Sony upgrades to global shutters with the a9 III

Sony has announced its latest full-frame Alpha mirrorless camera, the Sony Alpha 9 III (a9 III). The headline feature of the new camera is that it has a global shutter.

What’s a global shutter?

Image courtesy: Sony

There are two types of sensors for cameras that capture video: rolling shutter or global shutter. Most cameras use a rolling shutter sensor as they are cheaper to manufacture and offer a greater dynamic range. However, rolling shutter sensors capture the image for each frame one horizontal line at a time. Although this happens very quickly (usually under 25 milliseconds) it can cause distortion with moving items. However, a global shutter captures the whole image for each frame at the same time. This is the same way celluloid film works.

The Sony a9 III

The Sony a9 III uses the world’s first global shutter full-frame stacked CMOS image sensor. The sensor has approximately 24.6 effective megapixels and built-in memory. The new camera also features the latest BIONZ XR image processing engine. Sony says that the global shutter sensor enables the camera to shoot images at burst speeds of up to 120 frames per second with no rolling shutter distortion or camera blackout.

Video recording

The global shutter in the a9 III delivers distortion-free images for videos as well as still images. The new camera is the first in the Alpha series which can record 4K 120p high-frame-rate video without cropping. You can also shoot high-resolution 4K 60p videos with 6K oversampling. The a9 III features S-Cinetone, which can create a cinematic look straight out of the camera without post-processing. In addition, you can use S-Log3 and import your own LUTs (Lookup Tables).


The a9 III employs high-density focal plane phase-detection AF. And the designated AI processing unit also uses Real-time Recognition AF so the camera can recognize a wide variety of subjects. Importantly, the AI processing unit in the a9 III supports movies as well as still photography. Sony says the Real-time Recognition AF and Real-time Tracking provide a significant improvement in human eye recognition performance. This means the camera will automatically recognize, track and focus on the eyes of a specified subject.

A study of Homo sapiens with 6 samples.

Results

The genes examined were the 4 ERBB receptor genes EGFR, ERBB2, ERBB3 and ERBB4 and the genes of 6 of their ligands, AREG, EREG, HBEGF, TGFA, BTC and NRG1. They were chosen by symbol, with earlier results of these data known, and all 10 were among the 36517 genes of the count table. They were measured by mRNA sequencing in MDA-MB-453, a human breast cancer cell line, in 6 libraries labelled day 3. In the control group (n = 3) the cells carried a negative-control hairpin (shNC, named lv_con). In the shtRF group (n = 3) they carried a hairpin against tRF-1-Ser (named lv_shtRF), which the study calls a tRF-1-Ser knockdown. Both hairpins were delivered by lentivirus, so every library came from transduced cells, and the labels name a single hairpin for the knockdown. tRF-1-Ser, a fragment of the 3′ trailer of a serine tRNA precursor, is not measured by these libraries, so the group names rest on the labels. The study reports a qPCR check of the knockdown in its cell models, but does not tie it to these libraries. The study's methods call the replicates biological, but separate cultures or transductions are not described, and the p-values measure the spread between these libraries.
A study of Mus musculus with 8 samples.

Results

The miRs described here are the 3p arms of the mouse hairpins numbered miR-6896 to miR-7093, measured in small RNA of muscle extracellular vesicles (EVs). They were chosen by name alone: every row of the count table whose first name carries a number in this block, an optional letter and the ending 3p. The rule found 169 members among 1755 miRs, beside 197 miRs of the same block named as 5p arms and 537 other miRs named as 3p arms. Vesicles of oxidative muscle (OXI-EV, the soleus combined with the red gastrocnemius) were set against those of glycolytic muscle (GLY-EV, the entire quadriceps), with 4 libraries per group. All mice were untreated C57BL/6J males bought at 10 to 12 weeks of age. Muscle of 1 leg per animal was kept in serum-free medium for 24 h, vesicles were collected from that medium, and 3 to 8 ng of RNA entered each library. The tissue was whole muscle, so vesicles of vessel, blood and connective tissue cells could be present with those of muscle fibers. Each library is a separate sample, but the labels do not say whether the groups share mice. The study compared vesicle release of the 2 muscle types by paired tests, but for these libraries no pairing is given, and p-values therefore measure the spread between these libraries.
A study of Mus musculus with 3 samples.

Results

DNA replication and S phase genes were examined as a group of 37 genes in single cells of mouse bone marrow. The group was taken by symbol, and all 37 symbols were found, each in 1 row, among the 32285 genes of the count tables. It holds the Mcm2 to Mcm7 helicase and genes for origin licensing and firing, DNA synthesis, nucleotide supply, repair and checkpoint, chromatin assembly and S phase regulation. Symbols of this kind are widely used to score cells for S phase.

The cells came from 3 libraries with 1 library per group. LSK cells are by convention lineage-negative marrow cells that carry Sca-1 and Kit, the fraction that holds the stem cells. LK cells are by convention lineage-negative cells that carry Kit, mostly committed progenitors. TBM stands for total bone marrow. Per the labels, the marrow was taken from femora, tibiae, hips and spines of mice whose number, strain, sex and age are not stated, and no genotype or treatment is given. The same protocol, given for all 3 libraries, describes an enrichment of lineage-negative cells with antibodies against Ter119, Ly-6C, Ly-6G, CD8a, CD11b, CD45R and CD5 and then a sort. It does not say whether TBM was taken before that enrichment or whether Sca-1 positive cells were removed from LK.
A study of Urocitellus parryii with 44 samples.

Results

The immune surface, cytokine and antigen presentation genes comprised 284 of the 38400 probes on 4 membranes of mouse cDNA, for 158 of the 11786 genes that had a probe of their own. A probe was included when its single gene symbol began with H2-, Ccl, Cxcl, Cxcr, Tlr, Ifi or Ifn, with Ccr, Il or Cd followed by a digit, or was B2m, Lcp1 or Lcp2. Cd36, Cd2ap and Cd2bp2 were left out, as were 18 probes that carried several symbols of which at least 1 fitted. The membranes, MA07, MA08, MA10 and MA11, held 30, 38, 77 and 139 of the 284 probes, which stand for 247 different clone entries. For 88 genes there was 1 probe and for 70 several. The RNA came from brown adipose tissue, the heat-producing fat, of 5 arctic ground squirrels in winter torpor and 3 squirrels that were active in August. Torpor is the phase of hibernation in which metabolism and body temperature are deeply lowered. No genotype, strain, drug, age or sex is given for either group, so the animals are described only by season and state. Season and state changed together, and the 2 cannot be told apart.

Other features

Image courtesy: Sony

The a9 III has a 4-axis multi-angle touchscreen LCD monitor. It also features an electronic viewfinder with a 9.44 million-dot Quad XGA OLED. Sony says this achieves high visibility with the same brightness as the Alpha 7R V and a magnification of approximately 0.90 times. The a9 III records to two media slots that support CFexpress Type A cards as well as SD cards. In addition, the camera can transfer data up to twice as fast as the Alpha 9 II and has five GHz Wi-Fi connectivity.

What we think

The global shutter in the Sony a9 III is big news. Camera manufacturers have worked to reduce the rolling shutter jello effect on newer cameras, but there are still issues with fast movement. However, global shutters deliver video that looks like movie film where motion is concerned. Unfortunately, the downside of global shutters in the past has been a reduced dynamic range which results in a less cinematic look. So we can’t wait for some video samples from the a9 III to see how the sensor looks. If the global shutter is a success hopefully Sony will use it in future versions of the company’s Cinema Line cameras such as the FX3 and FX6.

Image courtesy: Sony

Pricing and availability

The Sony a9 III is available for pre-order now for delivery in Spring 2024. It retails at $5,999.

Pete Tomkies
Pete Tomkies
Pete Tomkies is a freelance cinematographer and camera operator from Manchester, UK. He also produces and directs short films as Duck66 Films. Pete's latest short Once Bitten... won 15 awards and was selected for 105 film festivals around the world.